Growth in business—in revenues, share price, markets, and product offerings—is seen as a fundamental good. But for too many of today’s accounting and finance groups, growing bigger does not mean getting better.
In fact, intercompany accounting is seen as a significant challenge for corporate finance, especially when it comes to mergers and acquisitions.
The reason: so-called tribal knowledge that pertains to local accounting processes, rules, and customs grows thinner over time as accountants, controllers, and other professionals retire or leave for other pursuits.
But that’s only the tip of the intercompany iceberg, according to Chad Soltman, BlackLine’s Product Director of Finance Transformation. He notes that while growth may be good for business, it can be challenging for intercompany accounting.
“When growth is compounded by mergers and acquisitions, companies can end up with a diaspora of accounting systems,” he says. “They inherit different ERP systems, charts of accounts, invoicing and payment systems, and different accounting processes. This creates layers of complexity and impairs visibility, so tracing any issues—and there are plenty—becomes a lengthy, time-consuming task.”
Working Against Trustworthiness
This complexity can add to closing time and labor costs, and it can also work against an organization’s trustworthiness. Industry analysts at Audit Analytics have found that subsidiary and intercompany issues rank fifth in the 23 top reasons behind financial restatements.
Added workload pressures can also affect the quality of a company’s compliance efforts, risking conflicts with industry regulations, such as those promulgated by the OECD BEPS (Base Erosion and Profit Shifting) project. Initiated by the G20 in 2012, the project is intended to prevent multinationals from shifting profits from higher- to lower-tax jurisdictions.
“In some cases, organizations risk exposure to regulatory penalties because, due to weak controls and approval policies, their intercompany transactions take place without any legal agreements at all,” Soltman says.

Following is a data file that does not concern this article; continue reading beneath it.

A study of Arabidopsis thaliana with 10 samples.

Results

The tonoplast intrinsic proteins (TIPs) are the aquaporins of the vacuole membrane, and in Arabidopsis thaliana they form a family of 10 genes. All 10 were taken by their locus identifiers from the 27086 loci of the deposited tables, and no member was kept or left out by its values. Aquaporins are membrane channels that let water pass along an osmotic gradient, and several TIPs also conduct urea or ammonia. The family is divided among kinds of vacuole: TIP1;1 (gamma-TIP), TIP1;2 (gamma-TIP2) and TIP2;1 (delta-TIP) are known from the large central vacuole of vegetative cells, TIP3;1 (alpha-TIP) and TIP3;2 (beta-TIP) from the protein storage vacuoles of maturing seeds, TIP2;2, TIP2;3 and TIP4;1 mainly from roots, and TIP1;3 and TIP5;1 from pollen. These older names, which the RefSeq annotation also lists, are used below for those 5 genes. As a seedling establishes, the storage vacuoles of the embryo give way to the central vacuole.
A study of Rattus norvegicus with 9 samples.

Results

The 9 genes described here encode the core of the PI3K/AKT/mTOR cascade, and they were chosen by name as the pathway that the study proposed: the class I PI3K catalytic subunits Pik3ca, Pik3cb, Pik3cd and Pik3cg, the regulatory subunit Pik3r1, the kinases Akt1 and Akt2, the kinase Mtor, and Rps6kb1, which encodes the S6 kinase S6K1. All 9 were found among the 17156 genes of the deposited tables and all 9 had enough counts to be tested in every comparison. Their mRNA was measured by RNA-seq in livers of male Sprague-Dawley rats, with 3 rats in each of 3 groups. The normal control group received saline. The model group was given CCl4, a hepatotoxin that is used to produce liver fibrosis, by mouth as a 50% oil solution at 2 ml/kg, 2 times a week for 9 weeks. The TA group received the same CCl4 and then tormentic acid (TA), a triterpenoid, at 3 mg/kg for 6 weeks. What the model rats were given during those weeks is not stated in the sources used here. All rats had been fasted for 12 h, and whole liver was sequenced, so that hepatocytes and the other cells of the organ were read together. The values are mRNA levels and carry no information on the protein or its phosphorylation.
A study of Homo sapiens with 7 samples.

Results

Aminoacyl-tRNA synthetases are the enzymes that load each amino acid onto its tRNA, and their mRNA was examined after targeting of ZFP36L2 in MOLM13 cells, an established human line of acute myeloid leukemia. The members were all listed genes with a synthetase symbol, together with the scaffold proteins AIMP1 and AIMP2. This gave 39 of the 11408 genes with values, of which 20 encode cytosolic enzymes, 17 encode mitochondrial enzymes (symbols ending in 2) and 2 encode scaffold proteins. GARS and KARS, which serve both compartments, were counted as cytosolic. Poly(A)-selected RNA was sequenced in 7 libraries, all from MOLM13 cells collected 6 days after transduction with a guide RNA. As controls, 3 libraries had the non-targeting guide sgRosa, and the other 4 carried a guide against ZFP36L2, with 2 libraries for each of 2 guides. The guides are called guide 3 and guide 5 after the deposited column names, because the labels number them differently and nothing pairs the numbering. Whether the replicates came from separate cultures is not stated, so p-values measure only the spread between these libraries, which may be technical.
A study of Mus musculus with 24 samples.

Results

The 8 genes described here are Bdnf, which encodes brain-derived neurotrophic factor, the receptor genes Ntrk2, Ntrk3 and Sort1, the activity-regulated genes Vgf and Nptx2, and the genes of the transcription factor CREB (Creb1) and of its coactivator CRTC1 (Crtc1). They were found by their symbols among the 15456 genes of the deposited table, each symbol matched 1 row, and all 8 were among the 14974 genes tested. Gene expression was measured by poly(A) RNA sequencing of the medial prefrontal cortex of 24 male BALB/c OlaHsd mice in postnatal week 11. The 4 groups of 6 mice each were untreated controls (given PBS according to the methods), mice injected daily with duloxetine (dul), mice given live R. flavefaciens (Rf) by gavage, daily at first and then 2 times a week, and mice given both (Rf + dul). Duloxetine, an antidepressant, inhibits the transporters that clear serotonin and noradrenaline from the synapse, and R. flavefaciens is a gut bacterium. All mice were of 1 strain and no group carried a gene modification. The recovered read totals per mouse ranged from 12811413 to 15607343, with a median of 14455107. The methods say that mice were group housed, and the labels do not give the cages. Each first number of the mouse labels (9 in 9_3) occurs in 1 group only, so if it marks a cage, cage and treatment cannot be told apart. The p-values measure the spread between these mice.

This is why, according to a 2015 PricewaterhouseCoopers survey, 70% of CFOs surveyed were concerned about the increased burden of BEPS and international tax reporting.
Meanwhile, intercompany transactions keep growing. A 2016 Deloitte poll found that “80% of global trade takes place within the value chains of large, global organizations.”
Automation Is Not a One-Word Answer
The obvious solution to the intercompany morass? Apply accounting automation, of course.
But a collection of tools does not necessarily make up a solution. What’s required is integrating and automating the accounting processes themselves, so management can depend on end-to-end accountability and visibility.
Soltman offers some best-practice automation advice:
Centralize data. Organizations should use a centralized clearinghouse, or hub, to manage all intercompany transaction records, corresponding journal entries, supporting documents, currency rates, transfer pricing rules and policies.
Unify disparate ERP systems. An automation solution should use pre-built connectors to integrate with Oracle, SAP, Sage, Microsoft or other databases, and be able to pull ERP data into a single unified place for processing.
Standardize policies and procedures. Data stewardship, approval processes, charts of accounts and tax management, transfer pricing rules, currency rates, and documentation should all be standardized and applied consistently. Among other benefits, that makes it easier to assess transfer pricing documentation annually, compare it to requirements in each jurisdiction, and make centralized changes.
Define and track process workflows. Move beyond emails and phone calls to create and track data movement. Process workflows orchestrate reviews and approvals to make sure that nothing escapes notice. They bolster trustworthiness—and save auditors’ time and labor—by creating audit trails that are visible and accessible.
Automate high-volume reconciliations. Automated, rules-based matching of high-volume account reconciliations lets the accounting team focus on exceptions in entity-to-entity transactions, without having to bog down in laborious ticking-and-tying exercises. Automated matching should be integrated with the overall accounting process, so it automatically pulls data from account reconciliations without requiring manual effort—a key consideration as multi-entity organizations grow larger.
“By adhering to these practices, organizations can migrate their processes to a Continuous Accounting model,” says Soltman. “This way, they can process transactions as they occur, rather than waiting until the end of the close.
“It’s at the end of the close when reconciliations tend to stack up, work pressures build, and organizations can accumulate write-offs that may end up being material.”
Read our first issue of BlackLine Quarterly for more stories like this, including Building Trust in Business: The New Role of Finance.